An extraordinary new historical novel begins with the great political scandal of the 1970s, then visits the great political scandal of the 1820s
October 1992 | Volume 43, Issue 6
Buchanan had not used the word communication , with its implied insult of regarding the speaker as a messenger for higher-placed others, but thought it best not to contradict. Nor did he hear his avowal of friendship reciprocated. Nevertheless, he proceeded, with the words he had anticipatorily framed to the point of memorization: “We live, General, in times of intrigue and rumor; would that we lived in a better, but we do not. A report exists in circulation that, if—as I fervently hope and trust—you are elected President by the House, you will continue Mr. Adams in his present office as Secretary of State. You will at once perceive how injurious to your election such a report might be. It rises, I think you will also perceive, from the friends of Mr. Adams, as a reason to induce the friends of Mr. Clay to accede to their proposition—which has been distinctly forwarded, of that I have been assured—to the effect that Mr. Adams’s election will bring with it the appointment of Mr. Clay as Secretary of State.”
At the convenient pausing-place of the curb, where both men hesitated as the elegant equipage of the French legation spun past in a coruscation of plumes, hooves, and ebony spokes trimmed in sold paint, Buchanan gathered himself to pose the obvious crux: could General Jackson, then, hold out to the friends of Henry Clay hope of the same office, in return for the votes of the Ohio and Kentucky delegations? With the safety of the opposite curb secured, he pitched his voice to a more meaningful, though still casual register, in saying, “I think you will not be surprised to hear that the friends of Mr. Clay do not desire to separate West from West.” In case this was too subtle for the whip-thin apostle of backwoods America, whose wild pure eyes were surveying, above his interrogator’s head, the transparent treetops and slate rooftops of Washington City as if gauging the limits of a cage in which he was held, the deferential young congressman asked, “Do I mistake in supposing your view of the matter to be not unlike mine, which is that in this Republic there are many able and ambitious men, among whom Mr. Clay might be included, who would not disgrace the first cabinet post?”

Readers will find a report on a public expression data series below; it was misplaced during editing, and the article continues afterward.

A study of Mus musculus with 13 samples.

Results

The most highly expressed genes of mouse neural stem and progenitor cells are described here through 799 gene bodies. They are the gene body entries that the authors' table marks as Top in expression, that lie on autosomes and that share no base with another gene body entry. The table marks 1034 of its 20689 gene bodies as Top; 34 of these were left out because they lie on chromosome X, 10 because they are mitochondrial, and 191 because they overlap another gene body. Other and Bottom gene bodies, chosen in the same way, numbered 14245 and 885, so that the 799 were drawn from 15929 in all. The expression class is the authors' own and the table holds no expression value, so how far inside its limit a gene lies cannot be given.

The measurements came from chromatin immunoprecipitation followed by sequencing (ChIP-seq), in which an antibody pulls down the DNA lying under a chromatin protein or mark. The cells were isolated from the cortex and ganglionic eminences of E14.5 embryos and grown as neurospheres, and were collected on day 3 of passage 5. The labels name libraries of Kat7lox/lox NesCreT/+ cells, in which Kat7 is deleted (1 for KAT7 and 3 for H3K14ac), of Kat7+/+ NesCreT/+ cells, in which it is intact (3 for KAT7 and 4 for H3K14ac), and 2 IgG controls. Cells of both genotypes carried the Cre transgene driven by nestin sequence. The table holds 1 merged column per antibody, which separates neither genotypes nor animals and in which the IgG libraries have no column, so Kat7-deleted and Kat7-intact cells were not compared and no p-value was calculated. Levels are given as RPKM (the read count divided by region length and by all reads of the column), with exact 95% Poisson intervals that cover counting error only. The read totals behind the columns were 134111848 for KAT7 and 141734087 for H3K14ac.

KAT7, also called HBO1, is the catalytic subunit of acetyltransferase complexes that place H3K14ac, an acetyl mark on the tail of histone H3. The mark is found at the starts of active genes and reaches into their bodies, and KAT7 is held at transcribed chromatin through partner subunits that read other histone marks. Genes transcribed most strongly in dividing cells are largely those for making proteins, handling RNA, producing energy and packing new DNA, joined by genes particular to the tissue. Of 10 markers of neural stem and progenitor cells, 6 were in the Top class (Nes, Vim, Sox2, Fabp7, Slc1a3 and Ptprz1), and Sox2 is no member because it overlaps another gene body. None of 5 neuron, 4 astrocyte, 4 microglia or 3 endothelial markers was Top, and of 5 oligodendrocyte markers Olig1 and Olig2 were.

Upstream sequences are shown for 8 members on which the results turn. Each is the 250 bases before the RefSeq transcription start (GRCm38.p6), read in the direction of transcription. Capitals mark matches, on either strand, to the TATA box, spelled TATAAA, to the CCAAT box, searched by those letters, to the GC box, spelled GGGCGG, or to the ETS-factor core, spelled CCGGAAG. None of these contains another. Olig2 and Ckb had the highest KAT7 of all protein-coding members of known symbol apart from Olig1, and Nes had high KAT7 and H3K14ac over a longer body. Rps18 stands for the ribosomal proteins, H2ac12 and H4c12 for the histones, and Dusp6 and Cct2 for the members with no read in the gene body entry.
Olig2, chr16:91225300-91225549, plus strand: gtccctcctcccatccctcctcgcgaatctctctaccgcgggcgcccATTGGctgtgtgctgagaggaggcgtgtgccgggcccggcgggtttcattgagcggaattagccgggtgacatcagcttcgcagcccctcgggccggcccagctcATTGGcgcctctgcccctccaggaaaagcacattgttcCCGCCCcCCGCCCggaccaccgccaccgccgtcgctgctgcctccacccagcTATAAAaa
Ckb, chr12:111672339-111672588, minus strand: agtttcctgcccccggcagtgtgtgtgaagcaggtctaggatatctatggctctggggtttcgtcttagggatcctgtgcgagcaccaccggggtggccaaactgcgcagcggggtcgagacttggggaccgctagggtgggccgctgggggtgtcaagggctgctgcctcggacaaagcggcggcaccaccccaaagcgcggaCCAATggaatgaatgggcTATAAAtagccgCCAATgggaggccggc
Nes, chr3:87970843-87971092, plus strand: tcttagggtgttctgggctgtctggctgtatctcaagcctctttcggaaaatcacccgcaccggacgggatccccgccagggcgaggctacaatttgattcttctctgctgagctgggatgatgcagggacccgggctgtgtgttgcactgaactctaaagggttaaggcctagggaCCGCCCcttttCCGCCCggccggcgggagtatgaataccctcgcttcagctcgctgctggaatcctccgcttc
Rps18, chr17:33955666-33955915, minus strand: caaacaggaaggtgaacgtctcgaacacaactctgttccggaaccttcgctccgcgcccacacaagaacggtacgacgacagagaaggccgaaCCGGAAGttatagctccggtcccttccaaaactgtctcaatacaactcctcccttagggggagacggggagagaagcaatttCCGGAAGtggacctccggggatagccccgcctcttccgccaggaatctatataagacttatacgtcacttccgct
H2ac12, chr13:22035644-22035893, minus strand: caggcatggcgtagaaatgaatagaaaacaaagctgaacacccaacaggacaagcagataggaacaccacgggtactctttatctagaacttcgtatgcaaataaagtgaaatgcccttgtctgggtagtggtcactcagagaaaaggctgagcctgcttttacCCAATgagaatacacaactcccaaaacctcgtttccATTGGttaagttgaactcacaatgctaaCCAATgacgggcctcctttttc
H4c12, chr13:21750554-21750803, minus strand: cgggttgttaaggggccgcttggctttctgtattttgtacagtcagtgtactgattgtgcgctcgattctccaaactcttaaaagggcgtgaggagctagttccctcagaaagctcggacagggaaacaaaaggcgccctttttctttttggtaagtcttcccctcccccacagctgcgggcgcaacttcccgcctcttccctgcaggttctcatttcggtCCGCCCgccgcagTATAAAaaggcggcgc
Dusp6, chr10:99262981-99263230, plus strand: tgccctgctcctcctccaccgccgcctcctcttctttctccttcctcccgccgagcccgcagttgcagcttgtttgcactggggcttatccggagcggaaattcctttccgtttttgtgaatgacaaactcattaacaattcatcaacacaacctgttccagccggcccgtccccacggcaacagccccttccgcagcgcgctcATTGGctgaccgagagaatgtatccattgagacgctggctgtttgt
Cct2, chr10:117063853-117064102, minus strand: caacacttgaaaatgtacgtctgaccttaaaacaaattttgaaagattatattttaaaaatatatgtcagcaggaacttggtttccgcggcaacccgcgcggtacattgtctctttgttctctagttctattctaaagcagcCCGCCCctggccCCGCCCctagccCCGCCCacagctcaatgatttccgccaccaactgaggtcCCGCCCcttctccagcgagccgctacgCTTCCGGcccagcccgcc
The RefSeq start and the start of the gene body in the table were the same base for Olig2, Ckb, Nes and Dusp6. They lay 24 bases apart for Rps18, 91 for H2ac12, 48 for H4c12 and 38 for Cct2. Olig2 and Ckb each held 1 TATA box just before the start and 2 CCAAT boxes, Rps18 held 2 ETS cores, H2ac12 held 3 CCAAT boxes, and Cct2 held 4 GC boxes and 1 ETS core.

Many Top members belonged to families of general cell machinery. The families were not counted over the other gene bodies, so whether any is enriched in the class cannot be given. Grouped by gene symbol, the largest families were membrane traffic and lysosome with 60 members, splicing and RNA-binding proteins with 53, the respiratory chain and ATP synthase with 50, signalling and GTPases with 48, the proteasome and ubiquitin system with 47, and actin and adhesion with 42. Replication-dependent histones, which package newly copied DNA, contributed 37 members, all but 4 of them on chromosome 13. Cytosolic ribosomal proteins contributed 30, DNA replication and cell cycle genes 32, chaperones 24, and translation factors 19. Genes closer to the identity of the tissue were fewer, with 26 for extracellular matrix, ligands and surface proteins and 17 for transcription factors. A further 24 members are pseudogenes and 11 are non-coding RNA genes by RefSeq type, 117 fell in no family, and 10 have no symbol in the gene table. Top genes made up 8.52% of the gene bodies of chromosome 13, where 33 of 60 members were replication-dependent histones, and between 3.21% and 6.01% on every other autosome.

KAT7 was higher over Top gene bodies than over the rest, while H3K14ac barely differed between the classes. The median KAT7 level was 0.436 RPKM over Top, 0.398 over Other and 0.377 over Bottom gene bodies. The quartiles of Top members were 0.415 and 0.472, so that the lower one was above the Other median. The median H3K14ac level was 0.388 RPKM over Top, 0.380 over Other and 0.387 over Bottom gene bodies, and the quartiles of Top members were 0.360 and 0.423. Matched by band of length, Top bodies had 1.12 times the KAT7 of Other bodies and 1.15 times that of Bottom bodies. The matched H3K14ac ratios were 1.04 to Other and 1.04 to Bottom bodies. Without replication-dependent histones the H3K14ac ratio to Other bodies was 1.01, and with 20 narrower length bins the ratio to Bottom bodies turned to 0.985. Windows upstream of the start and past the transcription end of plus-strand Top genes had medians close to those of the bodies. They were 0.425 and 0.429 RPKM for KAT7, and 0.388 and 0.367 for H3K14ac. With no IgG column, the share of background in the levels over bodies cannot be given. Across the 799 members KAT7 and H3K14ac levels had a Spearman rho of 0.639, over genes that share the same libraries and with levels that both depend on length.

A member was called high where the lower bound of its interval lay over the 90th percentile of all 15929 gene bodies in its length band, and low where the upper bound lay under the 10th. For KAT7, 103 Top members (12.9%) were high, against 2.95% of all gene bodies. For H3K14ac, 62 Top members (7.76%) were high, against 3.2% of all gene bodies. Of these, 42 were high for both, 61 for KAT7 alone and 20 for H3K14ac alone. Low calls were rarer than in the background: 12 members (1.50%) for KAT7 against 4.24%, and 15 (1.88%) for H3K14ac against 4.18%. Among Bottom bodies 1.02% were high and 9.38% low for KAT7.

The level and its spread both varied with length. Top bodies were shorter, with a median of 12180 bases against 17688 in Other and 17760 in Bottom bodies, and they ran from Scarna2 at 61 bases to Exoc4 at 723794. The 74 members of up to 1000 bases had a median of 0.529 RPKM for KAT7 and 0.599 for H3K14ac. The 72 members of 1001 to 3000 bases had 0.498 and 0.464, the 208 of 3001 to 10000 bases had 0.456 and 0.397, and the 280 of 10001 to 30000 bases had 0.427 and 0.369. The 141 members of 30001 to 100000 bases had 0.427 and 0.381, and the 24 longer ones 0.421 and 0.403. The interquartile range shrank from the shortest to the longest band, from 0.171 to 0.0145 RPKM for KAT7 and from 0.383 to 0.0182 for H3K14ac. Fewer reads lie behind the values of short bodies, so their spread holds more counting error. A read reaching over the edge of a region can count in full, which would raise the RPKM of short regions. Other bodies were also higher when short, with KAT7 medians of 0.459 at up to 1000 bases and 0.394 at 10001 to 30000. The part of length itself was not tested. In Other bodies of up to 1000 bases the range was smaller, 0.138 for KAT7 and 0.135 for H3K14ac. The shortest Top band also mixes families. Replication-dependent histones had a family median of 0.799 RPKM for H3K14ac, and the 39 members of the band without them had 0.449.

“Our views of the matter have some correspondence, Mr. Búchanan. Mr. Clay has considerable ability and is second to none in the ambition department. Was this the question you proposed to ask? If so, it seems unworthy of its long preamble.”
Thus challenged and stung, Buchanan lunged, so to speak, at the exposed chest of the matter. “Senator, my question is merely this: Have you ever intimated the intention ascribed to you, that is, to continue Mr. Adams as Secretary of State? If it could be contradicted, under your authority, by you expressly or by one of your confidential friends, that you have already selected your chief competitor for the highest office within your gift, then I have reason to believe that the presidential contest can be settled within an hour.” The obstinate fool , Buchanan thought, the Presidency was his for a nod .
I took DICKINSON’S SHOT SQUARE IN THE CHEST AND THEN I AIMED.”
The general, feeling his turn had come to speak, pulled himself erect, so that Buchanan had to twitch his head to keep his revered companion’s face in focus. Their stroll halted beneath a scabby-trunked sycamore, near a bench of weathered slats where a negro in threadbare blue field clothes had fallen, with the aid of rum, into an oblivious doze, cold as was this, the penultimate, day of the year. “I have not the least objection, Mr. Búchanan, to answering your question. I think well of Mr. Adams. He stood by me when the Indian-lovers would have had my hide for cleaning out the damnable Seminoles. But I have never intimated that I would, or would not, appoint him my Secretary of State.” A fury of righteousness now stiffened Jackson’s slender frame, as if there were an audience beyond his lone auditor, a ghostly vast audience stretching to the frontiers of the Republic. His talk became rhetorical, biblical. “There are secrets I keep to myself,” he said, the ever-latent fury of the man finding sudden vent. “I will conceal them from the very hairs of my head! If I believed that my right hand knew what the left would do on the subject of appointments, I would cut it off and cast it into the fire! In politics as in all else, Mr. Búchanan, my guide is principle alone. If I am elected President, it shall be without intrigue and solicitation. I shall enter office perfectly free and untrammeled, at liberty to fill the offices of government with the men I believe to be the ablest and best in the country!”
Buchanan could hardly suppress a sigh of disgust, at such peculiar and high-flown hypocrisy, such madly inspired ignorance of negotiation. He made a bow. “Your answer is such a one as I had exoected to receive. I have not sought to obtain it, sir, for my own satisfaction; may I ask, am I at liberty to repeat your response to others?” For with only a little shift, Jackson’s declaration that he had not decided to appoint Adams might be made to declare that he had decided not to appoint him. Still, Clay’s men would want more, slightly more, so slightly much more that a twist of a word might close the breach, and the young congressman’s mission could be accounted an unqualified success.